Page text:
The money might be tainted, but Florida lawmakers don't think charities should have to give back donations from people later revealed to be scam artists.
Legislation aimed at shielding charities from coughing up such money they took in good faith won final passage on a 35-2 Senate vote Thursday.
The bill, which previously cleared the House on a 114-0 vote, now goes to Gov. Rick Scott.
The bill (HB 95) would protect charities from a legal action known as a "clawback," in which trustees in bankruptcy cases try to recover funds to help pay creditors or other victims.
Sen. Nancy Detert, who shepherded the bill through the Senate, said such actions can financially cripple charities forced to give back large sums of money.
She said there have been instances when bankruptcy trustees "have gone too far" in getting charities to give back money they took in good faith without knowing the donor's shenanigans.
"It's a shock to them a couple of years later to have to come up with these big bills," Detert said during the Senate debate.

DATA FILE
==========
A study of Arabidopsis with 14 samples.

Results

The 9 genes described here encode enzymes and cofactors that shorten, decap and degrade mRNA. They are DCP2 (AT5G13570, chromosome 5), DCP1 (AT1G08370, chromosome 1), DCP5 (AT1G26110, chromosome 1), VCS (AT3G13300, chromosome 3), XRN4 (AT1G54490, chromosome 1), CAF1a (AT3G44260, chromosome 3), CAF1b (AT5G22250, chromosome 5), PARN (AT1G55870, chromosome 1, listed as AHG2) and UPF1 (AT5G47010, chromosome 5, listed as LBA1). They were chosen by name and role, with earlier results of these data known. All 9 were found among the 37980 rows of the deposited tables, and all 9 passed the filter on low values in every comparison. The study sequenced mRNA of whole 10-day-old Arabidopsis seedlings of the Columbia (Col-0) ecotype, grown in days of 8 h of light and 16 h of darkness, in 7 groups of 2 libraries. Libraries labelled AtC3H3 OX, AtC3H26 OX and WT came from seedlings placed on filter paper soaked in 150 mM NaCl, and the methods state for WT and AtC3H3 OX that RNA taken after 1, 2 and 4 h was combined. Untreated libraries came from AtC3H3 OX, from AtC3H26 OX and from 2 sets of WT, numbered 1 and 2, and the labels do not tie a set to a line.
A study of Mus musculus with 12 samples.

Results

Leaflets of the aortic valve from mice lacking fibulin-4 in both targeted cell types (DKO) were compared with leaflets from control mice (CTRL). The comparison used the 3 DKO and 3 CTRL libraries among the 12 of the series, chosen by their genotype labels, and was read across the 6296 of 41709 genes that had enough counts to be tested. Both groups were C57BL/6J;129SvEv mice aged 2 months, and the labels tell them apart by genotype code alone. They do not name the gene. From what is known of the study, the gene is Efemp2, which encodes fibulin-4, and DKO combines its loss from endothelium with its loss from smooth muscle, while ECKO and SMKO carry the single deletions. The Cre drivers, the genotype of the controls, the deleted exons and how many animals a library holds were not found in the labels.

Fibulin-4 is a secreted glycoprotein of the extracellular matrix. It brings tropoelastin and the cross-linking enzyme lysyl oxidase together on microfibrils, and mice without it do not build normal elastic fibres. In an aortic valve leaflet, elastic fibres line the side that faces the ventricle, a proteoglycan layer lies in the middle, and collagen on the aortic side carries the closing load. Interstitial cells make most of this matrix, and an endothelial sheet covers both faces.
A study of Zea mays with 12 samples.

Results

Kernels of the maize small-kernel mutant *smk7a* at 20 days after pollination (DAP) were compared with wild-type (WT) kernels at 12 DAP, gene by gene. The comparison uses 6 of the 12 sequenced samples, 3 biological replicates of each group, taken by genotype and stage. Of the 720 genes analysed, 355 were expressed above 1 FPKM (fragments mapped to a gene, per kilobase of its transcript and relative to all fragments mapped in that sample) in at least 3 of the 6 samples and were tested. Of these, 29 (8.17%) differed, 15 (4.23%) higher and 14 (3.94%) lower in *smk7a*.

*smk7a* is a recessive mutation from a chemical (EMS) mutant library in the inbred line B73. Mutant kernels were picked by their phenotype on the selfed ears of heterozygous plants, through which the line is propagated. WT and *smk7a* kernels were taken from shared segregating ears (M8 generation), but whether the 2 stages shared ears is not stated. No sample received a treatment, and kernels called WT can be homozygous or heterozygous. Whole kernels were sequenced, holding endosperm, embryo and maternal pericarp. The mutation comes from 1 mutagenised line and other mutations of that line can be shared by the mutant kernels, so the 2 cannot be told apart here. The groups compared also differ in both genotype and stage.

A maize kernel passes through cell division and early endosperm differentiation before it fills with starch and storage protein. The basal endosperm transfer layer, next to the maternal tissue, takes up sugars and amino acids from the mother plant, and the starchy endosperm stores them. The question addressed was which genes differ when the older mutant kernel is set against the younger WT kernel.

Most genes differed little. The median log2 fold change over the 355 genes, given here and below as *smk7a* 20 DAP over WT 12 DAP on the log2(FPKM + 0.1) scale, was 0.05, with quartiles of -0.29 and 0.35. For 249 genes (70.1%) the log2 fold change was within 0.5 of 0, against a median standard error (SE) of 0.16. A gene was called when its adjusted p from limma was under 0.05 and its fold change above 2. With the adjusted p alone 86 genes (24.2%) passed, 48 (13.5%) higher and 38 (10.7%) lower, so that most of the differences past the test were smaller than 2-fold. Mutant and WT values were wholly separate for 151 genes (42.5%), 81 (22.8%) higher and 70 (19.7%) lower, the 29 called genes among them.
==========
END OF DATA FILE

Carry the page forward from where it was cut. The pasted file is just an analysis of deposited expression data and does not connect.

The Venice Republican noted that a Jewish Family Center in her community was asked to give back a six-figure amount in such a case.
Con artists often try to win the trust of well-heeled investors by attending charitable functions and making large contributions, she said.
The bill would exempt contributions to qualified religious or charitable organizations from clawback efforts if the donations were made more than two years before the legal action started, she said.
Rep. Doug Holder, R-Venice, is the main sponsor of the bill. Detert had sponsored a companion bill in the Senate.
Sen. Jeremy Ring, a Margate Democrat, voted against the measure Thursday. He said he appreciated the intent to protect charities, but said that investors who were lured into Ponzi schemes also deserve to be protected.
"They want to get their money back, and I think they deserve to get their money back first," he said.